Jacques Beck

Waterloo, Belgium

A stone sculptor for more than twenty years after a long intro via wood cutting, I first attended Bridges math-art in Pécs introducing my concept of multisculpture, which shows common ground with Nat Friedman's hyperseeing. Emphasizing geometry and rational mechanics content, I could present and manipulate in the Art Exhibition a typical multisculpture. In Coimbra, with another multisculpture and two classic works I illustrated my talk on the phenomenological aspects of traditional manual stone carving using its basic tools, point chisel and mallet as a leap to the technological future. Absent in the Towson exhibit, concentrating my talk on the 3D printing of an enlarged copy in stone-like material of a little marble sculpture shown in Coimbra, I'm back here, having returned to my earlier passion with a piece of Lilac wood; I loved to be able to respect its natural mathematical torsion in a semantic multisculpture. I am also here as prime author of a paper on 3D Triskeles .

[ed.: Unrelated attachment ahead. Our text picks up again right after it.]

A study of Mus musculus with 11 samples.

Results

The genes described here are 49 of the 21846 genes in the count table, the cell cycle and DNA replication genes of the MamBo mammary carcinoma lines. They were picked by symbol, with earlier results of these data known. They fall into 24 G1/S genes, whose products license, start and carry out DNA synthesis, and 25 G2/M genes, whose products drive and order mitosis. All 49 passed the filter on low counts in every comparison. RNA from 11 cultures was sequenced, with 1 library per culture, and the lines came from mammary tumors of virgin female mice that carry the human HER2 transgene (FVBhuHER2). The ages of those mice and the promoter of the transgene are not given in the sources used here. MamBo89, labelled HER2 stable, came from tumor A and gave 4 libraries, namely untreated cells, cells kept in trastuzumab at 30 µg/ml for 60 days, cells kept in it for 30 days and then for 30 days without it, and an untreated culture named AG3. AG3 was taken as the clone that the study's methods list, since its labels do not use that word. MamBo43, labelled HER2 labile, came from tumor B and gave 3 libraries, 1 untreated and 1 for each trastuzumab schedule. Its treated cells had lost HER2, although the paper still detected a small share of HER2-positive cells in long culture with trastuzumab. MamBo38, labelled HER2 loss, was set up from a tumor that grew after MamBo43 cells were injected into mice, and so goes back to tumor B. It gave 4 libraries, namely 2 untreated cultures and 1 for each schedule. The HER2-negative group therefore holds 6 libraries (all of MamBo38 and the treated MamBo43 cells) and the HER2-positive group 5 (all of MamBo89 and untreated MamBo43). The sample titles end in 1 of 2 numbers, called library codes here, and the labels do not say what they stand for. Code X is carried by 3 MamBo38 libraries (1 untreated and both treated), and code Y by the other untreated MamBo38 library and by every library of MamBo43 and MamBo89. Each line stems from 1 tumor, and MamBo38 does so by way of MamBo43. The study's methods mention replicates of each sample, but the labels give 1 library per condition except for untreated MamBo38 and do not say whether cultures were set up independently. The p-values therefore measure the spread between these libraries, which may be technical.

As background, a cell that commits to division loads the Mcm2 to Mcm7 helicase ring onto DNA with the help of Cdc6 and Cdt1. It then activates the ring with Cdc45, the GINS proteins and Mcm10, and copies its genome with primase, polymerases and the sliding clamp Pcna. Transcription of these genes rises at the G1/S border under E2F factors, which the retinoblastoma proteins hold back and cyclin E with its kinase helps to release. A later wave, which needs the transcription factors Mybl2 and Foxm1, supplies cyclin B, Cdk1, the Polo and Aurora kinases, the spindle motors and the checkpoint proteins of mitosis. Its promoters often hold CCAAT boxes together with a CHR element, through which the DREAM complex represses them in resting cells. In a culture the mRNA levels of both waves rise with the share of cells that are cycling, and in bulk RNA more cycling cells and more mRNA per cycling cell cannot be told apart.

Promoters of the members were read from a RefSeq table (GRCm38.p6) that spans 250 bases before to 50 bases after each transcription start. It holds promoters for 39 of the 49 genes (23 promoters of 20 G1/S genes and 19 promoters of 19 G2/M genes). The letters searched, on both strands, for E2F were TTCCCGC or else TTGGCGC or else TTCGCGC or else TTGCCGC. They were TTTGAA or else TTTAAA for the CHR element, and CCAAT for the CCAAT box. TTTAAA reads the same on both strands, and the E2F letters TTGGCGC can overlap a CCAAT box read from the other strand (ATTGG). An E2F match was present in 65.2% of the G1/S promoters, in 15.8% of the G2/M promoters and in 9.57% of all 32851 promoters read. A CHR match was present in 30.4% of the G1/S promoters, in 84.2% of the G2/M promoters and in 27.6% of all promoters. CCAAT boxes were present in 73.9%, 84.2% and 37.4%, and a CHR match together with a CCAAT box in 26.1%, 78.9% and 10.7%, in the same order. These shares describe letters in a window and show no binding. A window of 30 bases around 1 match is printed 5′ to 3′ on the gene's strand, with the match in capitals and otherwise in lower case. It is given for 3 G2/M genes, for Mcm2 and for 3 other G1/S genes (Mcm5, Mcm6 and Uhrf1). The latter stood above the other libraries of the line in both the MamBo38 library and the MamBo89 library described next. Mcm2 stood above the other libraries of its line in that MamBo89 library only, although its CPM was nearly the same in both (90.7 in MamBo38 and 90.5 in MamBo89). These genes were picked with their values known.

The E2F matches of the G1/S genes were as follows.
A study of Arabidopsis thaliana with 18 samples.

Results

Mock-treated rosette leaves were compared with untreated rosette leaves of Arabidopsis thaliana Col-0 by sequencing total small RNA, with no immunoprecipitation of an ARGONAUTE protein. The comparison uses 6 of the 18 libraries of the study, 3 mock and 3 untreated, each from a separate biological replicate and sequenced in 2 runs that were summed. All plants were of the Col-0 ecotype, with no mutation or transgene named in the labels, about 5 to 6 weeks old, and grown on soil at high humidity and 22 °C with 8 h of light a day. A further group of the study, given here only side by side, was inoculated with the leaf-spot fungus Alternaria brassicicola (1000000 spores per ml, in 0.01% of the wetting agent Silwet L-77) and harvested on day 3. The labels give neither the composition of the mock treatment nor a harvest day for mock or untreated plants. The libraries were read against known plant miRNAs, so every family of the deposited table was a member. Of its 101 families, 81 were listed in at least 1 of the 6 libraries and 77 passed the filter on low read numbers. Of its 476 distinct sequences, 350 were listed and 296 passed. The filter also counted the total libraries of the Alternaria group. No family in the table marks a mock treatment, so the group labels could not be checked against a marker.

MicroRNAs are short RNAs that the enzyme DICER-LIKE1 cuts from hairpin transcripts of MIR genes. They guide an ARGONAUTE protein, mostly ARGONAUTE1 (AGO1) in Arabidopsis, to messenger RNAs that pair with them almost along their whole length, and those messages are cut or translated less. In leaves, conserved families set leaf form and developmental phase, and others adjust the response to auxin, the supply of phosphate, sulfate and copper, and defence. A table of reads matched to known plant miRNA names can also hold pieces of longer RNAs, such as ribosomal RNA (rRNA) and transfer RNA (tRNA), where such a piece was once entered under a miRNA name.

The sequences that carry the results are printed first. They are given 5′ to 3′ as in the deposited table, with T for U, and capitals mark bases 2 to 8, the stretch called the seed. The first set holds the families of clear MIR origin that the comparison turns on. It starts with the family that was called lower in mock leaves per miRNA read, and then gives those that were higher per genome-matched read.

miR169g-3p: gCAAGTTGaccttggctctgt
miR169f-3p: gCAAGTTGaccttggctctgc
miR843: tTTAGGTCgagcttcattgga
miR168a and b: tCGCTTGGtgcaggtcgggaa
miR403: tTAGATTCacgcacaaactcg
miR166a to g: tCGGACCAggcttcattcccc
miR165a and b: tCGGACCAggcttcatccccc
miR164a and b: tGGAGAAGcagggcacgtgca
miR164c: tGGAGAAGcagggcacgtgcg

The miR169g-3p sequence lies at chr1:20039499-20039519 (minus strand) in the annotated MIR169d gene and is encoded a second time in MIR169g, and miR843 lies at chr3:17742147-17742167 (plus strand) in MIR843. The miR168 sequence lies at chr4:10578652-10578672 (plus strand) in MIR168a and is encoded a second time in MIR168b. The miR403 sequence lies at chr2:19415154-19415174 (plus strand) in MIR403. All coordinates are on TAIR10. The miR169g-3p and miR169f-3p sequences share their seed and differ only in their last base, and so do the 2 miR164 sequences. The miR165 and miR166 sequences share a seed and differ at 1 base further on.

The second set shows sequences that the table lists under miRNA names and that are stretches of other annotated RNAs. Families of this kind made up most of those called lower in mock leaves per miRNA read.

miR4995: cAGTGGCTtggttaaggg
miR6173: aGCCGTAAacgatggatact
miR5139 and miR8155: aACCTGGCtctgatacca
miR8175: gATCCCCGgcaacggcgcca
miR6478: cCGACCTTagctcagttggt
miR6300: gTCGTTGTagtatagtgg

68.5x10x10cm (the base is part of the work)
Seringa wood (Lilac)

This sculpture in line with my commitment to curves and mainly to spirals in volume, functions almost as a symbiosis of thought between the material and the sculptor.
Where the wood in its lifetime was the mathematician (without knowing it) the sculptor has simply diverted the helicoidal meaning with the purpose of adding material to dream. What he could spot is a proud wading bird pointing his beak at the zenith or else perhaps a stylish snob inflated by the sense of his own importance or the same again, but this time emerging from his cloak in a monumental gesture. The multisculpture character of this work therefore lies in the diverse possible semantics of its shape rather than in the multiple positions of its geometry.
With its sensors the plant tends to resist such aggressions by nature as wind and storm, shadow and light, always striving to straighten up to recover a relative verticality. This concern for geotropism is at the origin of this helix the sculptor had to respect.